Mergers & Acquisitions

China’s lending scrutiny spreads, catching asset buyer Sunac in its wake

China’s banking regulator has ordered commercial banks to check out the developer’s credit exposure, which has been on an aggressive buying spree

PUBLISHED : Tuesday, 18 July, 2017, 1:38pm
UPDATED : Tuesday, 18 July, 2017, 11:37pm

Sun Hongbin, the Shanxi magnate who last week executed China’s largest real estate takeover, has found his Sunac China being caught in the wake of a spreading regulatory scrutiny of Chinese asset buyers, a day after his triumphant election to the board of Leshi Internet Information & Technology Corp.

The China Banking Regulatory Commission verbally ordered commercial banks to examine their credit exposure to Sunac China, according to sources familiar with the matter. The order follows similar instructions delivered verbally on June 20 for banks to look into loans exposures to Wanda Group, which compelled its founder Wang Jianlin to dispose of US$9.3 billion worth of hotels and theme parks last week to Sun.

Sunac is the latest company to be investigated by China’s leaders ahead of a Communist Party reshuffle later this year.

Still, Sun is putting a brave face under the spotlight, saying his company had caught the regulator’s attention because of its huge investment in Wanda. “This is a normal practice by banks,” he said.

The latest development comes after banking sources told the South China Morning Post that the CBRC has ordered banks on June 20 to suspend funding of six major overseas investments by Wanda for breaching restrictions.

In addition, China Construction Bank halted the sale of a Sunac financial product and called off a 1.5 billion yuan trust loan to the company after receiving the regulators’ order to review the company’s credit risks, Chinese news portal Jiemian reported earlier on Tuesday.

Besides Sunac, companies under or related to acquisitive Chinese conglomerates Fosun Group, HNA Group and Wanda have also been included in this round of scrutiny, two banking sources told the Post this morning.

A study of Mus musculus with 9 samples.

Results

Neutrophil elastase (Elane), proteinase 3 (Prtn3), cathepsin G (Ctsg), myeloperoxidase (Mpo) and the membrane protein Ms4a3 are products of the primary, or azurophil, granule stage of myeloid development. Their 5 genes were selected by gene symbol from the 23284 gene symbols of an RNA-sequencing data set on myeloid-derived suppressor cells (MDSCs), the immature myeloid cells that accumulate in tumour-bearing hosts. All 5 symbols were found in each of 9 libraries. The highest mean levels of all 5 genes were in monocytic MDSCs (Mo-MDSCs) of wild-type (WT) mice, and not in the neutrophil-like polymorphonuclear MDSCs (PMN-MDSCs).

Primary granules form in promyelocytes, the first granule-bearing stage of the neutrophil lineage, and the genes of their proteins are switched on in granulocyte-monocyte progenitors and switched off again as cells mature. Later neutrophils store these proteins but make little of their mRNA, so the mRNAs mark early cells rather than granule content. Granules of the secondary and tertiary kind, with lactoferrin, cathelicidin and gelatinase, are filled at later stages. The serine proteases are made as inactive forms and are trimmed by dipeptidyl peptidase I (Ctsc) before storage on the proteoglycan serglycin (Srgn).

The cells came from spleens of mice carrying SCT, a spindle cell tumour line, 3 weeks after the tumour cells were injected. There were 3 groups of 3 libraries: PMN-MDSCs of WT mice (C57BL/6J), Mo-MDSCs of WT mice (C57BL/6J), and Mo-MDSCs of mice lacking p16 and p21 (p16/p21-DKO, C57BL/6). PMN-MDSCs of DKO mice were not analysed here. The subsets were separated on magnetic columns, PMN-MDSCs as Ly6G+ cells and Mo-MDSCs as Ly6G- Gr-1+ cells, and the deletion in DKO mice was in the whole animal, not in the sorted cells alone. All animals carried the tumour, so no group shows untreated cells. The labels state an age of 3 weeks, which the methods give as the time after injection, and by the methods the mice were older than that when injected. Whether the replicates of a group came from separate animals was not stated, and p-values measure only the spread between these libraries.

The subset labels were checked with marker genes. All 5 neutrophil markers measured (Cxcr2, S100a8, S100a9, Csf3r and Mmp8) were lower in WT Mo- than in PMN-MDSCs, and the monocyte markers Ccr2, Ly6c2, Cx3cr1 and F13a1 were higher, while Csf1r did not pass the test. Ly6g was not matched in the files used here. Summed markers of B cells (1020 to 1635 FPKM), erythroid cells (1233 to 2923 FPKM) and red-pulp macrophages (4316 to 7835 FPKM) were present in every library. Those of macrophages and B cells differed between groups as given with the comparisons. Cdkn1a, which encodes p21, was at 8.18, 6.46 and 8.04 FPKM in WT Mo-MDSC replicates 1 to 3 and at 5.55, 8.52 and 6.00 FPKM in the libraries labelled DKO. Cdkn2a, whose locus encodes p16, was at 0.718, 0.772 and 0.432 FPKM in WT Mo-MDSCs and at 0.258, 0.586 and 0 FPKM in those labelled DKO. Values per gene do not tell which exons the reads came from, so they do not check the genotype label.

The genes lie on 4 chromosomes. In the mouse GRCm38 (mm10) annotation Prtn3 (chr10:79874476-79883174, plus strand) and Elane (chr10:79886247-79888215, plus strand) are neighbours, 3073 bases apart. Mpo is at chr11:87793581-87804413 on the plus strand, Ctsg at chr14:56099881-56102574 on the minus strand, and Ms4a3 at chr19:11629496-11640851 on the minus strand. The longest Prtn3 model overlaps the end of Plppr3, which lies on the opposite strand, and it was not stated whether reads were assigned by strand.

This round of scrutiny is a separate one from the round in early June, the sources said, noting that the purpose should be preventing financial risks stemming from aggressive M&A activities.

China puts Wanda under spotlight, closes off loan options for breaching investment rule

Sunac shares slumped as much as 13 per cent in Hong Kong, the biggest intraday decline since July 2015. The developer’s 2019 US dollar bonds fell US$4.1 cents to US$99.3 cents, the largest drop on record.

“Highly leveraged companies have been under close scrutiny by China’s banking regulator,” said Chen Shujin, chief financial analyst with Hong Kong-based Huatai Financial Holdings. “As the CBRC vowed to fend off financial risks in every aspect.”

Highly leveraged companies have been under close scrutiny by China’s banking regulator
Chen Shujin, Huatai Financial Holdings

Sunac is one of China’s most aggressive and indebted developers.

The deal with Wanda added to a buying spree by Sunac totalling 110 billion yuan (US$16 billion) in the past six months, including a 15 billion yuan capital injection into cash-strapped Chinese technology giant LeEco Group. Following the cash injection, Sunac acquired stakes in three LeEco units, and Sun was elected on Monday to the board of directors of Leshi in Beijing.

The credit check will undoubtedly put pressure on Sunac’s funding, Chen added.

Fitch Ratings has downgraded Sunac Long-Term Foreign-Currency Issuer Default Rating to ‘BB-’ from ‘BB’ last week and put all the ratings on Watch Negative due to the company’s acquisitive business approach, which will make its financial profile more volatile.

Sunac’s net-debt-to-equity ratio surged to 208 per cent at the end of 2016, from 75 per cent in 2015, the second highest among Chinese developers tracked by Morgan Stanley.

Meanwhile, Fosun said it has successfully issued 2 billion yuan (US$295.96 million) in short-term commercial paper in domestic bond market on Tuesday, shrugging off the reports that it was one of the targets of China’s greater scrutiny of financial risks.